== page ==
Names In The News


November 04, 2005


Dr. Allan S. Noonan, who served as the chief health officer of Pennsylvania and of the District of Columbia, has been named dean of the new School of Public Health and Policy at Morgan State University.

A specialist in epidemiology and maternal and child health, Noonan, 62, was active in international efforts to eradicate smallpox in West Africa

"After 30 years of seeing people of color underrepresented at the decision-making level, I am thrilled to take on this challenge, so that Morgan graduates can continue to have an increasing impact on the health of people of color," Noonan said in a statement.

Dr. Eric K. Noji, a senior associate with the Department of International Health of the Johns Hopkins Bloomberg School of Public Health, has been elected to the Institute of Medicine (IOM) of the National Academies.

Noji has "played a significant role in establishing the scientific basis for the rapidly developing discipline of disaster medicine," according to IOM President Harvey Fineberg. Noji, a medical officer with the U.S. Centers for Disease Control and Prevention, was one of 64 new IOM members elected in October.

Noji's work focuses on the medical and public health response to natural and biological disasters, including complex humanitarian emergencies and terrorism. He is the author or co-author of more than 130 scientific articles and publications on toxicological emergencies, disaster medicine and disaster epidemiology, including the recently published Public Health Consequences of Disasters."

John P. Toscano has been named chairman of the Department of Chemistry at the Zanvyl Krieger School of Arts and Sciences at the Johns Hopkins University.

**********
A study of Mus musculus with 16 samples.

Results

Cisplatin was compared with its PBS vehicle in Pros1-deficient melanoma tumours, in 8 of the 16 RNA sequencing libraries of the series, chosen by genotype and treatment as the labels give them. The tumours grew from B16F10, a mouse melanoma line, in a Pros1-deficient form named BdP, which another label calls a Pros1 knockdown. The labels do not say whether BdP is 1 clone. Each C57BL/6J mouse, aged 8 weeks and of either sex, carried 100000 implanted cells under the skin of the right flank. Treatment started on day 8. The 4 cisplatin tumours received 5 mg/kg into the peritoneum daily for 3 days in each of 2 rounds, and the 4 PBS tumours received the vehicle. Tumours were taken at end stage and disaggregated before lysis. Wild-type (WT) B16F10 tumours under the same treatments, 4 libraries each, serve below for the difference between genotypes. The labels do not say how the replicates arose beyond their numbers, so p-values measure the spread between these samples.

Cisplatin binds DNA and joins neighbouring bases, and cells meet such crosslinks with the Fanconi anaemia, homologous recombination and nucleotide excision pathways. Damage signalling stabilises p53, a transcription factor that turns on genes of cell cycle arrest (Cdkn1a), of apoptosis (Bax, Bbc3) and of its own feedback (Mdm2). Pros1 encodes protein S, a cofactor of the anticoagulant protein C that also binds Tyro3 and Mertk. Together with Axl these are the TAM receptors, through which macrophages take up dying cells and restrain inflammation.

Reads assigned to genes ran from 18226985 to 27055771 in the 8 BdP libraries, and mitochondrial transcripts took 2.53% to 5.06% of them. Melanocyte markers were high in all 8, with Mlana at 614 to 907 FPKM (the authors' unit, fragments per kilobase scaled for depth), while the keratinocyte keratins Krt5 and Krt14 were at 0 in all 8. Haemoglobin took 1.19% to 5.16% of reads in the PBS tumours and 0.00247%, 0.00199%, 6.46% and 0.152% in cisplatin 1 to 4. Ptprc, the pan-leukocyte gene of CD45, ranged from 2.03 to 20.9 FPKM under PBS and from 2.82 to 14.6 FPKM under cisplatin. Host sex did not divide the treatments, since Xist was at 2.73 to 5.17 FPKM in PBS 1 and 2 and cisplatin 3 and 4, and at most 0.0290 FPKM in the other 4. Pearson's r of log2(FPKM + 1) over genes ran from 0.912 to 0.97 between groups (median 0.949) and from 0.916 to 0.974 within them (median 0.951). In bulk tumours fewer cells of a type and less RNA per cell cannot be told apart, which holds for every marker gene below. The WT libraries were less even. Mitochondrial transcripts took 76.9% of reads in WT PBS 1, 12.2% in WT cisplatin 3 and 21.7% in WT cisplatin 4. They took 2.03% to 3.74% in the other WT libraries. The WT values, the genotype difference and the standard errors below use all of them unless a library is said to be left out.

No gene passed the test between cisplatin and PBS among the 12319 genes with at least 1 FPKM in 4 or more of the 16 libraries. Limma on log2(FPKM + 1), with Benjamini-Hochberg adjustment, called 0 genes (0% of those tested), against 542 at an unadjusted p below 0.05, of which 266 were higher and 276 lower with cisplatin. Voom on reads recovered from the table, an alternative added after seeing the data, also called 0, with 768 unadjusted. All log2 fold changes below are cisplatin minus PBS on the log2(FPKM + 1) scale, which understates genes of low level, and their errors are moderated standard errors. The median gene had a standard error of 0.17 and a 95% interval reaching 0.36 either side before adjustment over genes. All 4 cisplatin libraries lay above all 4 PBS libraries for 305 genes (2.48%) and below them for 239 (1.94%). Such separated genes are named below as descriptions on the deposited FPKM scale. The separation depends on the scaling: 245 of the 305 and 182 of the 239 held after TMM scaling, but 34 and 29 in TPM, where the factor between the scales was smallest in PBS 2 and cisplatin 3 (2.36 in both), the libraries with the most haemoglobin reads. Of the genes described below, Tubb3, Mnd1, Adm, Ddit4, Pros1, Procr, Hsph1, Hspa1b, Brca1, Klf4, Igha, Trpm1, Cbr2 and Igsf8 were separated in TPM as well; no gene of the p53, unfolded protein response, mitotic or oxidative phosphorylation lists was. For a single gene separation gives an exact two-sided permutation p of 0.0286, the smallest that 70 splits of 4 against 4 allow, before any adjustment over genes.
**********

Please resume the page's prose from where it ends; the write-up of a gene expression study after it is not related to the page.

A Towson resident, Toscano came to Johns Hopkins in 1995 and became a full professor in 2003. He earned his bachelor of arts degree at Princeton University in 1987 and his Ph.D. at Yale in 1993.

Toscano's research focuses on the fundamental chemistry, biochemistry and the effects of the chemical nitroxyl (HNO) on heart function. Ultimately, such research may lead to the development of a new class of drugs for the treatment of heart failure.


Deborah Kisner, surgical services clinical administrator at Franklin Square Hospital Center, has been named a national "Nurse of the Year" by Nursing Spectrum magazine.

Kisner received the award in the mentoring category, which recognizes excellence of nurses providing a professional influence, guidance and support of other nurses in any setting.

She was one of the founding members of the Chesapeake Bay Perioperative Consortium, a six-day program that teaches clinical standards to new operating room nurses.

Cheryl Alexander, a professor in the department of Population and Family Health Sciences at the Johns Hopkins Bloomberg School of Public Health, has been given a lifetime achievement award by the Society for Adolescent Medicine.

Alexander, who was the founding director of the school's Center for Adolescent Health at its inception in 1993, focuses her research on the influence of neighborhood, schools, peers and family on adolescent health behavior, as well as the role of gender in adolescent health.

She has served on a variety of national committees on adolescent health, most recently as a member of the Forum on Adolescence of the Institute of Medicine, and as a member of the Committee on Community Level Programs for Youth, Commission on Behavioral and Social Sciences and Education, National Academies of Science.